The ANT Telecom Blog

How a VOIP Line Works for Businesses

Written by ANT Telecom | 17 Aug 2017


VOIP is a technology which has been marketed to business since the 1990s and yet few small and medium enterprise owners know what it is exactly. Simply put, VOIP is a means of carrying voice communications over a connection that uses internet protocol (IP) data communication standards. Therefore, it simply stands for Voice Over IP.

Your technical manager or network administrators may need to know how this technology works with an existing data communications set up. For finance directors, managing directors and head of sales departments, the proper question to ask is what can it do and how can it benefit the business? Many SMEs are asking similar questions across Buckinghamshire, Oxfordshire and Berkshire these days. Why is VOIP technology no longer the preserve of big businesses in London and other commercial centres around the globe?

 


Although VOIP services can be delivered in a number of ways, multimedia communications (video calls, voice communications and data transfers) increasingly use session initiation protocol (SIP) trunks. You might use conventional digital services, like ISDN lines, currently but SIP trunks are really geared up for the demands of VOIP calls. Investing in a VOIP line now means accessing SIP trunks these days for many sorts of business.

This is because they offer more resilience than conventional lines as no single point of failure is to be found. They operate much like a network, not a point-to-point connection. Secondly, conventional line connections will eventually no longer be offered by network operators in the UK. Finally, voice-ready connection are available now with SIP trunks and these can be delivered over conventional broadband connections - like asymmetric digital subscriber line (ADSL) as you might have at home – alongside much heftier Ethernet connections.

 

Convergence

In telecommunications terms, convergence simply means being able to run data services and voice communications over a single network. The advantage of this is clear. One network connection, rather than two, is cheaper to install and maintain. One type of engineer is needed for both types of communication. With a VOIP line, it is possible to pass data back and forth just as it is to make conventional phone calls. Both are routed in the same way, although you couldn't tell from the quality of the calls.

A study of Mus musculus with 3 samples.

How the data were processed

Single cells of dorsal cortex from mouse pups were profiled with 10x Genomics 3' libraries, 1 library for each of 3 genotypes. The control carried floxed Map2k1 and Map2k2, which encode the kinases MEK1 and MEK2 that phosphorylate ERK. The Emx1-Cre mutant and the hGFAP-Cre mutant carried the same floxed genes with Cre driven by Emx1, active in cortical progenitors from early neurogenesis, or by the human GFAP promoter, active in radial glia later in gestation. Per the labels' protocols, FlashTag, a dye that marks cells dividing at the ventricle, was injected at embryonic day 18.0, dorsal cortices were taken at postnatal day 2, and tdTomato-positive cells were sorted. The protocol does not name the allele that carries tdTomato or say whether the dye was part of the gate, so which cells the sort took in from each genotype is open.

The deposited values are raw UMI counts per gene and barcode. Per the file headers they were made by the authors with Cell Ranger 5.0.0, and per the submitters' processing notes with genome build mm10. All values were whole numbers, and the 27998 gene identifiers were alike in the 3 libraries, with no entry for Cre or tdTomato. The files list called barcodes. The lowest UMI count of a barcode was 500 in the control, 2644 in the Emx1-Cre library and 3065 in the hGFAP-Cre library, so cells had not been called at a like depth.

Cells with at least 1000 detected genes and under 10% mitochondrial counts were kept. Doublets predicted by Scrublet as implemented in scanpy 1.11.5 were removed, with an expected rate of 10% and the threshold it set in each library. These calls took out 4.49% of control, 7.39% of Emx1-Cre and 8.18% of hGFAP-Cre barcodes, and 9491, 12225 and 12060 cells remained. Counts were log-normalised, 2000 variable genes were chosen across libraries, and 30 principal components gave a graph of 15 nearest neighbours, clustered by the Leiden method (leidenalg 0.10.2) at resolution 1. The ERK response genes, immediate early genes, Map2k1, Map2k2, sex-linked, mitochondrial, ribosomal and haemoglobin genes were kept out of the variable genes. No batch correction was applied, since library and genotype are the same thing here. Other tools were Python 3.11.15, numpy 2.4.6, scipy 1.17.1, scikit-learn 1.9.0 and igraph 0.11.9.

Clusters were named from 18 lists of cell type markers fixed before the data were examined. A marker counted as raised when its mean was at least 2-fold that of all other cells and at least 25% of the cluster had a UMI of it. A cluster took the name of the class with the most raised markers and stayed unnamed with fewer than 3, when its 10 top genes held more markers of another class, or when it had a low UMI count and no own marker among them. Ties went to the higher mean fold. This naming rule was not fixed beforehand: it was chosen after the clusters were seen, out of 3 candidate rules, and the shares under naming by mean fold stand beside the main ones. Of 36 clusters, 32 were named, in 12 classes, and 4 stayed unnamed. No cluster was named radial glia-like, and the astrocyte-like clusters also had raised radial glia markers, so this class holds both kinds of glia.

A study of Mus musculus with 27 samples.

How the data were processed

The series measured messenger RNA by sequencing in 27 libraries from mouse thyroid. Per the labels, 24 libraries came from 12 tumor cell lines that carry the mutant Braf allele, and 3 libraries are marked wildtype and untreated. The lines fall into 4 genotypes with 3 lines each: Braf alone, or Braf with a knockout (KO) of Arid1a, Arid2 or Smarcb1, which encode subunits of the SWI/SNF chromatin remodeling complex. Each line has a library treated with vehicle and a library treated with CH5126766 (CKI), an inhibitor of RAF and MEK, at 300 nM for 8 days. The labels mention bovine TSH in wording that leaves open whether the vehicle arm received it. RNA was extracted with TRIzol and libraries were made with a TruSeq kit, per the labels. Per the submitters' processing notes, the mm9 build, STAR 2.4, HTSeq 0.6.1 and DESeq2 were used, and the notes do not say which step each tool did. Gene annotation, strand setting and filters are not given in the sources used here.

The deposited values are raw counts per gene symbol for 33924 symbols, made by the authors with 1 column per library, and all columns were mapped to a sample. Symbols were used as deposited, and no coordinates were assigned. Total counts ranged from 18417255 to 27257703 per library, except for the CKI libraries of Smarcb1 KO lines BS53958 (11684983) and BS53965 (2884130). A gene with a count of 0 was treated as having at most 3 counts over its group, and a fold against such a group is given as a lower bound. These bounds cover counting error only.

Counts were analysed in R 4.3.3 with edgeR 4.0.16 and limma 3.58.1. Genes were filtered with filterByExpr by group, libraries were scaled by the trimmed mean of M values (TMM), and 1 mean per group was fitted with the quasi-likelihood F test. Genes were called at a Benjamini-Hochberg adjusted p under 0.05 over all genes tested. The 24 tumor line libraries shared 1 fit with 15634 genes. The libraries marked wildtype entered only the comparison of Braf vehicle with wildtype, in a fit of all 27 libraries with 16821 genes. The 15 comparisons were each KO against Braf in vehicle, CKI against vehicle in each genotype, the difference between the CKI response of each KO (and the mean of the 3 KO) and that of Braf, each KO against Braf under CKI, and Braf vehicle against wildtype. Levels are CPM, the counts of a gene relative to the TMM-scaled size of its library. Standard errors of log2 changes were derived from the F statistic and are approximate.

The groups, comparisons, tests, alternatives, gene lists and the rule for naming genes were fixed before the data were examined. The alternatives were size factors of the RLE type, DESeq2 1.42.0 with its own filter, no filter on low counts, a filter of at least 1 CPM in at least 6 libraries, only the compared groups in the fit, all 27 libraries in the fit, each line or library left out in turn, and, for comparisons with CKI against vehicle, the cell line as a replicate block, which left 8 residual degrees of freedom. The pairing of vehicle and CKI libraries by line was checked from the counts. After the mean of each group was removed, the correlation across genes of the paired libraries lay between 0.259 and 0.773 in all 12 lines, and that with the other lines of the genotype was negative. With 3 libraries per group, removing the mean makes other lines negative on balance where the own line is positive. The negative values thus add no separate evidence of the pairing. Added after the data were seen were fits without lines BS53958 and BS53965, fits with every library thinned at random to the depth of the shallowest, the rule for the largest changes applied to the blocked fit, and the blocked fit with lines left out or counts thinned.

Line Rental Savings

As mentioned, ISDN services have a limited future. Nevertheless, SIP trunks can offer substantial cost savings over conventionally rented lines right now. Depending on your telecommunications set up, it is possible to slash line rental costs by adopting the latest technology by around two-thirds.

 

Augmented Flexibility

Nearly all business decision makers see the value in technology that can be adapted to meet changing requirements rapidly and at little or no cost. With VOIP communications, this becomes a reality. Adding capacity to a conventional business telephone system often means needing to fork out for a new internal card or module as well as paying for an engineer to connect new lines to them. On top of this expenditure, of course, is the necessary line rental fees that you will also need to pay.

However, with VOIP you don't need to pay for more and more physical connections. You simply increase the amount of connectivity you already have with the network. So, if you need to expand a department for a few months for a promotion of some kind or to deal with seasonal demand, then you can do so easily without committing to a large spend that will go on indefinitely. Once the need for extra connectivity with the outside world passes, you can simply go back to your previous configuration.

This flexibility will be of interest to all sorts of business in the south Midlands and south east of England. However, it is probably the key factor in multi-site businesses deciding to opt for VOIP communications. It doesn't matter where your staff happen to be with this sort of network-based approach. You have the level of connectivity you need when you need it without paying for an over-specified system just in case your needs increase occasionally.

 

Telecommunications Management

With a VOIP system, you get a plethora of information about what is going on over the network as standard. Just like the data metrics you might already be used to, which gives you an insight into your web traffic and e-commerce platforms, VOIP communications allow you to see real-time data about voice communications. You can measure key statistics such as line usage, for instance. Incoming call traffic volume at certain times or to certain department can all be garnered, helping you to plan staffing levels to meet demand. Whatever you want to measure from your incoming and outbound calls, VOIP provides the necessary data.